Group of people playing cornhole
Choose the right type of fundraising event. 

When you’re brainstorming ideas for the event, it’s important to choose an event where you already have a community of supporters in place who will attend.

Here are a few things to consider:

  • Will the weather impact your event? An outdoor event might draw more attendees in warmer months. 
  • Does your cause have a specific demographic? Family-friendly versus parents' night out, for example. 

Make sure the event is an experience that is fun to participate in. You could have guest speakers, a band, activities, or anything else you can come up with that will keep guests entertained and engaged!

Create a fundraising committee

When planning any event, don’t try to go at it alone. There are numerous details involved in running large-scale fundraising events, and you will burn out if you try to carry the entire load. You would be surprised how many family members or friends will be excited you asked!

Here are a few tips for this process:

  • Provide clear instructions and oversight so volunteers know what their role will entail.
  • Provide day-of details to ensure they can make the full commitment.
  • Reward them for their time.

Find a venue and schedule a date and time

Look for large indoor event spaces like wineries, restaurants or conference centers if your event will be held inside. Search for outdoor spaces like parks or sporting fields if you are hosting an outdoor event.

Keep the following questions in mind as you consult your calendar:

  • Are we planning far enough in advance?
  • Will this be an annual event?
  • Does our fundraiser conflict with other major events or holidays?
  • Should our event be on a weeknight or weekend? Day or night?

Create a budget and set attendee costs

Make a list of all the things you know you will need to spend money on for the event. Try to plan for as many costs as you can before marketing the event as you will probably be charging supporters to attend the event. You want to make sure you cover all the costs and have a profit margin for each patron.

Every event is different, but here are a few examples of what you should include in your budget:

  • Event space, entertainment, catering/food, promotional items.

You may be able to get services, items and even event space donated by local businesses or organizations. Explain to them that you are hosting a fundraising event for your charity and that they can help a worthy cause and get exposure for their business by donating to your event.

Selling tickets to your event

Now that you’ve identified the costs associated with your event, you’ll need to figure out how much to charge attendees and how you’ll handle ticket sales or registrations. You should start selling tickets to your event as soon as possible.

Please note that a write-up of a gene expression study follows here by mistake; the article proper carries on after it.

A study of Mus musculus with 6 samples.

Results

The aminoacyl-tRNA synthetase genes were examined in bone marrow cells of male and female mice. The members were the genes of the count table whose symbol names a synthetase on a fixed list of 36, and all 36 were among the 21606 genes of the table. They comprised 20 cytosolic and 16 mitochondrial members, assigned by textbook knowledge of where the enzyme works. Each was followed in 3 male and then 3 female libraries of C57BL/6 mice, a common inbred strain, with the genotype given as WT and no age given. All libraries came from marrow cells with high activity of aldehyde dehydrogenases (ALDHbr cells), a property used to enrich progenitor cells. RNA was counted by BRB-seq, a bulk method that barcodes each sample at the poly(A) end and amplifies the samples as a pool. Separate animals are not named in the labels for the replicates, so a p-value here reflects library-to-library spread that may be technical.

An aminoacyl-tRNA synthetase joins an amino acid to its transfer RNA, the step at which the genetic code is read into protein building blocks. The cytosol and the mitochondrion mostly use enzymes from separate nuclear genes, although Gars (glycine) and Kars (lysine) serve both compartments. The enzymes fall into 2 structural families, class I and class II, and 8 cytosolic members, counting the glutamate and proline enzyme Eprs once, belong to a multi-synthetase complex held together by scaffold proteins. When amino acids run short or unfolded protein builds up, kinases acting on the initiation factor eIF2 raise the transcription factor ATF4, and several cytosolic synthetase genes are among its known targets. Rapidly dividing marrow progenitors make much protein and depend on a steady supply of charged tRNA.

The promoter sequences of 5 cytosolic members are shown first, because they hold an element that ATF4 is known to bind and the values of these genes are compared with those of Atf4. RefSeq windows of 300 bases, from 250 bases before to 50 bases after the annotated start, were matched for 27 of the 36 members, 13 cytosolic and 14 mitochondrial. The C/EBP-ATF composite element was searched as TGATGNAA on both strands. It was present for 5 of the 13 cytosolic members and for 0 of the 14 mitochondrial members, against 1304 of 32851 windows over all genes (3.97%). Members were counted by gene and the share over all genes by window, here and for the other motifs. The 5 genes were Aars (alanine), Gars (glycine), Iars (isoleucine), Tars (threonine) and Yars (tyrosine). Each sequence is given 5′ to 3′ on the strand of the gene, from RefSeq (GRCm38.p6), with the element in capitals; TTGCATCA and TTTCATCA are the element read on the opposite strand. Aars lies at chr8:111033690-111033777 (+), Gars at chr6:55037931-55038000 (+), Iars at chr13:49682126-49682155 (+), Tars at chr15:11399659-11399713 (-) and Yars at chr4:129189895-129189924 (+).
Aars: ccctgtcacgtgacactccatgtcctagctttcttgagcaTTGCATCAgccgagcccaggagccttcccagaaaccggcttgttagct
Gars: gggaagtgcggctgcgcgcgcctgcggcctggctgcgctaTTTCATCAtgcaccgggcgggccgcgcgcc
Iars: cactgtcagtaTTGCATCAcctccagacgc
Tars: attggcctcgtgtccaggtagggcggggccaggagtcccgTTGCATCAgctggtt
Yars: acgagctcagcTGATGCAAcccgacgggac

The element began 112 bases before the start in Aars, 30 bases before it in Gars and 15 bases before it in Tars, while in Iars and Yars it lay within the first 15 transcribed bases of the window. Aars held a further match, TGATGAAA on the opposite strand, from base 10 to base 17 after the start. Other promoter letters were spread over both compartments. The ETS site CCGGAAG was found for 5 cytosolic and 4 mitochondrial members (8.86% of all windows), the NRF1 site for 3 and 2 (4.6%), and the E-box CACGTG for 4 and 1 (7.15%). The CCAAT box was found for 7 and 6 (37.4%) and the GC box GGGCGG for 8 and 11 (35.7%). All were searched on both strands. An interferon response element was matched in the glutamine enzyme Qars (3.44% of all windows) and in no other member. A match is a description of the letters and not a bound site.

Before you begin selling, there are a few considerations to keep in mind:

  • Will you offer a flat price or offer early bird discounts or different packages?
  • Where will you sell tickets?
  • How will you manage attendee information?

Market your event

You’ve started to pin down the details for your perfect event, but something’s missing—your guests!

To get the word out to your constituents and guarantee a packed house, you’ll need some kind of marketing strategy. The most effective promotional plans involve multiple channels of communication, both online and off.

Let’s look at a few of the many ways you can spread the word about your upcoming event:

• Flyers in local business, direct mail, event website, and social media platforms.

To maximize your promotional potential make sure to ask family and friends to share all your communication to their family and friends as well!

Preparing for the event

It’s time to put all your preparation to work on the big day (or night) of your fundraising event. For complex or large-scale events, make sure you create clear day-of guidelines for everyone involved. A clear plan of action will ensure that all members of your team—from full-time fundraisers to event volunteers—are aware of their responsibilities and prepared to pull off a successful event. 

Remember: the more prep work you put in, the less you’ll have to worry about on the day of your event!

  • Let your team know when to arrive, where and details on their tasks. 
  • Coordinate with entertainment (a practice run might be a good idea if time allows).
  • Arrange for day-of ticket sales or registration (raffle tickets, 50/50 raffle, last-minute attendees).

Host your event

Now you can relax a little and get the most on event day!

During your event, be sure to:

  • Engage with guests
  • Broadcast your event online
  • Most importantly ... have fun! Show your donors how excited you are to have put together such a
    successful event (and how grateful you are for their attendance!). Smile, have fun, mix and mingle
    when you can.


Still don’t know where to start or have questions?

Contact a member of the UMass Fundraising Committee. They are more than happy to schedule a time to meet and chat to get some idea’s flowing! Many of them have already hosted these types of events and are happy to share some tips and tricks they have learned along the way!